Panda Bear releases fourth studio album, “Tomboy”
Published in the USD Vista Student Newspaper
If you happened to come by my place any day this week, you would have heard Panda Bear’s new album “Tomboy” constantly streaming through of my speakers via NPR’s “First Listen” profile. NPR provided the entire album for free from April 3 until its release on April 12, and I streamed it dry while it was available in order to try and wrap my head around Panda Bear’s elaborate new submission.
Panda Bear is the formative member of Animal Collective, and “Tomboy” is his fourth solo album. Known less as Noah Lennox, Panda Bear was born in Baltimore and experiments within a wide array of genres. He is a prodigious musician involved in an exhaustive amount of recordings, most of which were done with the other members of Animal Collective.
Trying to describe “Tomboy” is difficult, as the album is densely crafted. Every inch of the background, the foreground and the sides you didn’t know existed are full of reverb and drawn-out strangeness. There are layers of bells, bleeps and echoes coming from every angle. When I try hard to analyze my way through the music, I can’t find a path. When I sit back and let the waves of dissonant, bouncing oddness and comforting chorus pound away, I start to get it.
I would compare Panda Bear’s voice on this new release to that of a lone church choir. In fact, some songs feature organs and clapping, like in “Alsatian Darn.” If this were church music, it would make me want to praise a god (as long as he were a bear). I find the way he sings to be at once primal and distinguishably human, no matter how distorted and drenched in echoes it may be.
Ever since my Irish neighbor played me Panda Bear’s meandering boyish voice in the Animal Collective track “Fireworks” four years ago, I have been addicted. I think there is something knowing in the way his voice walks about to different pitches; it is not the normal singsong, it is a more developed and expert knowledge. Similar to his prior solo release, “Person Pitch,” Panda Bear layers his voice and adds a subtle complexity to his melodies that only increase this sense in this new album.
A few songs, including “Friendship Bracelet,” are so phased with tremolo and echo that the lyrics are mostly indecipherable. Though I don’t mind reading the lyrics in order to understand vocals on a track, many listeners might not appreciate the extra work. Like past Panda Bear works, the lyrics are generally simplistic in their diction, but they still convey deep and sometimes confusing meanings. Panda Bear likes to draw out and repeat simple one-syllable words rather than add complex, fast lyrics of a higher lexicon, and the result is droning and dreamy.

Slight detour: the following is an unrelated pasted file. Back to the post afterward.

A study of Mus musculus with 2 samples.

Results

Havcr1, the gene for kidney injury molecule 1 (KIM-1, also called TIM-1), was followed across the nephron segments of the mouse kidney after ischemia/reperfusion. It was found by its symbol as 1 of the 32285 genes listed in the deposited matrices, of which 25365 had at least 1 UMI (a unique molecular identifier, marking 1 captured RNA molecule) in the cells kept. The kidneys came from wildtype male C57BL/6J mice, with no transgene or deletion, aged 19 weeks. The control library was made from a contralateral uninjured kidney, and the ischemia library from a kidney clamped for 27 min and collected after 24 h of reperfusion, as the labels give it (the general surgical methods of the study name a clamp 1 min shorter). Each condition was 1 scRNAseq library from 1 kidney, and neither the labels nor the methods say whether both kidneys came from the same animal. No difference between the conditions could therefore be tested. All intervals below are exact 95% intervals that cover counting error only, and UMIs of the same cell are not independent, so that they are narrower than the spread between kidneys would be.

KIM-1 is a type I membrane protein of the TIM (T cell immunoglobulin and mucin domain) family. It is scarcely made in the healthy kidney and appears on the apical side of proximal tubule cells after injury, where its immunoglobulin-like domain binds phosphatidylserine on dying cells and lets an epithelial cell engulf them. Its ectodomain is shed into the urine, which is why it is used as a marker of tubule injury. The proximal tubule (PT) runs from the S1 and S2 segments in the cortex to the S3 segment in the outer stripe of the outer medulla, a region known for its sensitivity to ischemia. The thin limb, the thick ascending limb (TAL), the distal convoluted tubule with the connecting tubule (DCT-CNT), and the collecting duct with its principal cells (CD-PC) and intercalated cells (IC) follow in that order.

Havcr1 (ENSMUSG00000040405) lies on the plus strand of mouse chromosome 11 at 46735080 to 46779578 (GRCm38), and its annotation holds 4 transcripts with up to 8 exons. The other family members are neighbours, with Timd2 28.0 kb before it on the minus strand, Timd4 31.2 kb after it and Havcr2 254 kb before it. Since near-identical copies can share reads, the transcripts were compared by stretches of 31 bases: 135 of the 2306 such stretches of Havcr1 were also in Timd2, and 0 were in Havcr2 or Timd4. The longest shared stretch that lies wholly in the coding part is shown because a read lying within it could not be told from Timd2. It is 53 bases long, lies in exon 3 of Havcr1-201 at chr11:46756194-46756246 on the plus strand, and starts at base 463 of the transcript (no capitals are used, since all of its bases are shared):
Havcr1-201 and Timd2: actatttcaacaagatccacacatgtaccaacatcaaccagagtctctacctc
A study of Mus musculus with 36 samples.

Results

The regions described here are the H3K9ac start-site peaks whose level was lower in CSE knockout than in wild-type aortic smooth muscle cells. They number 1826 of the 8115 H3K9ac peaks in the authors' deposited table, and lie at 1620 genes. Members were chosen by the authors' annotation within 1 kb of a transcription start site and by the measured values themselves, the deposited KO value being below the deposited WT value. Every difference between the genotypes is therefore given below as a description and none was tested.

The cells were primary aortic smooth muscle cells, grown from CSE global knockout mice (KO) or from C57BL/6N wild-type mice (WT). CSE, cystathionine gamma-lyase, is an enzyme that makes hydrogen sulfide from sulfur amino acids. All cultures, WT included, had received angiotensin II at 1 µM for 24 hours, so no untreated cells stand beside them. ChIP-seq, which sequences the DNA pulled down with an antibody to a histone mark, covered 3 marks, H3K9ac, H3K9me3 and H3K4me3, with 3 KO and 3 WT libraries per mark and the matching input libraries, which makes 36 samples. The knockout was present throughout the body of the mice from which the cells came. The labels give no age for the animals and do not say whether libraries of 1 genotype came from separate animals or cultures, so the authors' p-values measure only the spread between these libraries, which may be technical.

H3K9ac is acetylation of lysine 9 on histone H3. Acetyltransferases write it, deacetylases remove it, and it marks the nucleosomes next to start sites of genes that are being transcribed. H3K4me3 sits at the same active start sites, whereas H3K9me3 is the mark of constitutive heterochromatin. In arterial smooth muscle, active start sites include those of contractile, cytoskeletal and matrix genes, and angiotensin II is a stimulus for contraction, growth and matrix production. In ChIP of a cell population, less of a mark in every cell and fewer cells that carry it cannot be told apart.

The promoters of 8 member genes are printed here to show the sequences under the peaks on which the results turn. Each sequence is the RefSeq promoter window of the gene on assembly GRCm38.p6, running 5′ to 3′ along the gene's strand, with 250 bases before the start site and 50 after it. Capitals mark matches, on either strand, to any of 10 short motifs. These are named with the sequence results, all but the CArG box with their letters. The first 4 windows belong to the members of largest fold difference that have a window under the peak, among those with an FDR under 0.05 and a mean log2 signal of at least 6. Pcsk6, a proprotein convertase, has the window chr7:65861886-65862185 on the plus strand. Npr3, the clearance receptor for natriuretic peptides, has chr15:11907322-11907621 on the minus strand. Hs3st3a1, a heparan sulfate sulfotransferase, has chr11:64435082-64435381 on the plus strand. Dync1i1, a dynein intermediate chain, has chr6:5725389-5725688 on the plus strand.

The lyrics for “Tomboy” probably wont be posted until some time after the release, so I won’t be able to compare them much just yet. However, the lyrics I can make out give hints that in general, Panda Bear’s style has maintained the subtle declarations of his previous release. “No you can’t count on me” is the first lyric on the album, and it is drawn out and repeated in a similar style to songs like “Bros” from “Person Pitch.” In a few songs, like “Slow Motion,” repetition makes up the majority of the song, creating an elated air of one who is both confident and wise. It likens to a religious, trancelike chant.
After several listens, it seems obvious that this music is spiritually transcendent. In “The Doors of Perception,” Aldous Huxley described the state of is-ness he experienced in an experiment with mescaline, and I might describe this music as a non-hallucinogenic pathway into a similar a state of consciousness. It is music that transcends the mind through billowy, high-pitched om-like vibrations, and it places the listener in a peaceful trance that allows the complexity to at once seem all so simple.